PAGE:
What is more desirable than forbidden fruit? Allowed the taste of every tree but the tree of knowledge, Eve -- as the story goes -- could not resist the temptation to sample the forbidden fruit and, as the story continues, she and her partner-in-crime, Adam, were summarily thrown out of Paradise.
Though thousands of years have passed, the modern-day Eve, if she happens to be an Orthodox Jew and especially if she resides in Israel, is still an outcast, for the sacred texts of the Torah are forbidden to her. Author Vanessa Ochs spent a year in Israel and wrote "Words on Fire" to document her frustrations and indignation at the meager opportunities available for women who want to study the Torah in the original and in depth, as their male counterparts have been doing for centuries.
"A Jew's understanding of the nature of God," Ochs writes, "of how to fulfill God's will, of how to behave and worship, of the past and future history of the universe are all contained in the Torah." She quotes from the Ethics of the Fathers, which enjoins men to "delve into the Torah and
But if Jews are called the people of the book, they mean men of the book, not women, she insists.
An ardent feminist and a literature teacher, Ochs wanted, like the character in Isaac Bashevis Singer's "Yentl," not to be a man, but to touch and taste, hear and smell the sacred text that Jews have preserved and protected, loved and honored since time immemorial.
Her title, "Words on Fire," comes from a quote from Rabbi Eliezer ben Hyrcanus, who wrote at the turn of the 2nd Century: "The words of the Torah should be burnt rather than taught to women."
For Jewish feminists, that is a call to battle.
True, as Ochs points out, eight centuries later the great Torah scholar, Maimonides, elaborated upon this point and softened the interdiction, indicating that not all women's learning was forbidden -- certainly not oral Torah (the teaching and interpretations of the rabbis) -- only written Torah.
In our own century, Rabbi Baruch Epstein has written: "Girls do not have intellectual ability and are therefore unable to make profound inquiries with a sharp mind and appreciate the depth of Torah. It is possible that by using their own minds, they will transgress the will of Torah."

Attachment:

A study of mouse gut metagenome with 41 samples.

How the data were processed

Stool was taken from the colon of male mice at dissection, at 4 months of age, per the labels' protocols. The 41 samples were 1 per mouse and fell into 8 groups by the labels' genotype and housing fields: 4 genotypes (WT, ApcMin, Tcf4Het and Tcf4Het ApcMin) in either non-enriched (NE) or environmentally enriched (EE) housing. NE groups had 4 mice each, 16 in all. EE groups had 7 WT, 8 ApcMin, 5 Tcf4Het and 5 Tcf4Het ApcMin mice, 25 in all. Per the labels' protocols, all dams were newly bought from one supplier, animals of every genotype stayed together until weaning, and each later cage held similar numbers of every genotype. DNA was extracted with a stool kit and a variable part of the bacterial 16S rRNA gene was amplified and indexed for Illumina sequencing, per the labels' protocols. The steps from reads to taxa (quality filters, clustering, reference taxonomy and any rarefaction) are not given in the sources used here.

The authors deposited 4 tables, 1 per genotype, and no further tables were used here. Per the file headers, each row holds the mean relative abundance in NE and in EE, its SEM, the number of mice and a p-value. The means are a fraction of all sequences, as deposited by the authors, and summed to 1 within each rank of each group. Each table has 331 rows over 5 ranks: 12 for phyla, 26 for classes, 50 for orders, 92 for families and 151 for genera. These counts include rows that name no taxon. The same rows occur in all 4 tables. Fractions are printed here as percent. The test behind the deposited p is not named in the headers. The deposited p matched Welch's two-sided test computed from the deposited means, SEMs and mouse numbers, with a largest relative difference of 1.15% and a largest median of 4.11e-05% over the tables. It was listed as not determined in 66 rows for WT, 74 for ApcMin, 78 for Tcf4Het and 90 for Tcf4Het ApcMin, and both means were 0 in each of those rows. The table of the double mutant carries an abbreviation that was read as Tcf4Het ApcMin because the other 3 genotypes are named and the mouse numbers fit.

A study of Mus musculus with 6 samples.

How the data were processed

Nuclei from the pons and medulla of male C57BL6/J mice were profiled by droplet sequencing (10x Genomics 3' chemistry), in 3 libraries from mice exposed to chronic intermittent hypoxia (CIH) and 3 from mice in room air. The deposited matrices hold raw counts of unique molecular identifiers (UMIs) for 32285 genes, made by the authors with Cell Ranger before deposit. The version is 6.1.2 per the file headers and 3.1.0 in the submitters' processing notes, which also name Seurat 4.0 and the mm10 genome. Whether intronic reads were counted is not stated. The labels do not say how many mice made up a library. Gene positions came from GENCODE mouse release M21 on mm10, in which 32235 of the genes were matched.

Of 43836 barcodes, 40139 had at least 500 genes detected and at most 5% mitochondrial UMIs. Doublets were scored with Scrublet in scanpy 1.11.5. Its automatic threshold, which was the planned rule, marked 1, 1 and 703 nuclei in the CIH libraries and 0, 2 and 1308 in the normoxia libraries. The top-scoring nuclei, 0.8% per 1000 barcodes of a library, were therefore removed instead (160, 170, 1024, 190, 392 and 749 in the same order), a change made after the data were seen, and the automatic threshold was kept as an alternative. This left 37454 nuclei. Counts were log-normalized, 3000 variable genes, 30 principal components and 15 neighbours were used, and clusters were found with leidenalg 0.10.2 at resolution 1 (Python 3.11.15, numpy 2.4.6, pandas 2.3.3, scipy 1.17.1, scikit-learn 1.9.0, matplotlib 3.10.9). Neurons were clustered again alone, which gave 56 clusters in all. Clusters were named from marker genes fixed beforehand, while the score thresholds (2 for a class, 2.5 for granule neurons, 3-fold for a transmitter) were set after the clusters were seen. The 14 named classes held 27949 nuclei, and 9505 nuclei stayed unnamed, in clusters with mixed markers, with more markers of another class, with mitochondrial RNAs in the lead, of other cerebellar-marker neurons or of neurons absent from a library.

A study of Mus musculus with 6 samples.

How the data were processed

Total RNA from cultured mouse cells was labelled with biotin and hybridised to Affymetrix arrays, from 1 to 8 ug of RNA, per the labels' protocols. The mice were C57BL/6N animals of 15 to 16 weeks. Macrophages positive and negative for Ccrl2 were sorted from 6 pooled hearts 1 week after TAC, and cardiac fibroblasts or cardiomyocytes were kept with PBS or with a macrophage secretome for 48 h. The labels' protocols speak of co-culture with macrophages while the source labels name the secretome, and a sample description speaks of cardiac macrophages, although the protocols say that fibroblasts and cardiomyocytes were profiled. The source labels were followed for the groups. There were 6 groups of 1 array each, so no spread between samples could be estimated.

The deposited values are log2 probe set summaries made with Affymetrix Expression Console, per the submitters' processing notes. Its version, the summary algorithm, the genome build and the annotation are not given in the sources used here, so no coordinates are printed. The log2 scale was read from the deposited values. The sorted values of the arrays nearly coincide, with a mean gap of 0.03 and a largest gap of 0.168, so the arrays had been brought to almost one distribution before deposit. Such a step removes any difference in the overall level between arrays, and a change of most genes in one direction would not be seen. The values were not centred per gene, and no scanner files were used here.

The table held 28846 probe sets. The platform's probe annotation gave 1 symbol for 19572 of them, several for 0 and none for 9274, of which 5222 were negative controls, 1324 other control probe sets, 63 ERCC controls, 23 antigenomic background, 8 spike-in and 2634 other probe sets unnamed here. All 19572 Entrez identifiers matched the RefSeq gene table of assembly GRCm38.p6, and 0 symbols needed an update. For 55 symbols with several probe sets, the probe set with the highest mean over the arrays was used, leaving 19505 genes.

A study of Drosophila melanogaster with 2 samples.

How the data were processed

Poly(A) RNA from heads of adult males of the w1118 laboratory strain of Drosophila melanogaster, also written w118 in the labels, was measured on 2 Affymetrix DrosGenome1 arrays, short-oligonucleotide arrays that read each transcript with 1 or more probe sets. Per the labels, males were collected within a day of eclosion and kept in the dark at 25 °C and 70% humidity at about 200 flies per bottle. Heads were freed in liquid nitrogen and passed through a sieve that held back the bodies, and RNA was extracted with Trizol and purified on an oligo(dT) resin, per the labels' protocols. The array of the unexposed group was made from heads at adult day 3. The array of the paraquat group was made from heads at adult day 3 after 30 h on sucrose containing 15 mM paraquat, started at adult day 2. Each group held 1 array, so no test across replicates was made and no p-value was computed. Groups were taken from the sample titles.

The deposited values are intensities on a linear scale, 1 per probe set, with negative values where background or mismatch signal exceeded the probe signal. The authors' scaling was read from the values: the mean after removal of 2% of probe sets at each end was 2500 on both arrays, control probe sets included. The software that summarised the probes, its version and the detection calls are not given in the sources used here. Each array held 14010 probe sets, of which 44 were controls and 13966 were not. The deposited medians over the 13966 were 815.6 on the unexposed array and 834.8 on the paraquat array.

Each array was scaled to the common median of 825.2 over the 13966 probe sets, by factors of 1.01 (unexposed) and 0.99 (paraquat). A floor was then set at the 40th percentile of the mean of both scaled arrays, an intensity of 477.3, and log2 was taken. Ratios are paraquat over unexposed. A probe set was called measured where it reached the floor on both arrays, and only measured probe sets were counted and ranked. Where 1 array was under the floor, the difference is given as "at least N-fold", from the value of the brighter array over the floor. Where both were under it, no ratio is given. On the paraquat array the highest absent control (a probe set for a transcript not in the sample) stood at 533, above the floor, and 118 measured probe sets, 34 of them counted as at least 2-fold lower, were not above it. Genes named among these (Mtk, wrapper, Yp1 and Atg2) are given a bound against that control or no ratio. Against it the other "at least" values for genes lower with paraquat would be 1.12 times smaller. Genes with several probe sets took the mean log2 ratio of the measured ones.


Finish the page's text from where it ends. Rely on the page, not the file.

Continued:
Ochs is outraged, as most modern women would be upon reading this. "The voices of these sages ... echo each other. They offend, humiliate and demean me," she writes.
While her husband and children are busy with their studies in Israel, Ochs searches the history books for records of Orthodox Jewish women who ignored the prohibition and found ways to study the Torah and even become respected Torah scholars. There were so few, she discovers to her dismay, that they can be counted on one hand.
So Ochs abandons the history books and begins a living search. She does indeed find some exceptional women who not only study from the sacred text but have launched study groups, seminars and schools to teach other women.
Although the book begins slowly, unfolds gingerly, and at times suffers from a lack of momentum, as Ochs penetrates more deeply into the forbidden territories of learning her prose becomes more urgent, her voice more lyrical.
In her personal odyssey to find these women, to learn the Torah from them, Ochs defines and refines her own identity as a woman, a Jew and a scholar.
Must woman be exiled twice, first from the Garden of Eden and then from the garden of learning? One woman's journey into the sacred becomes every woman's search for equality and mastery.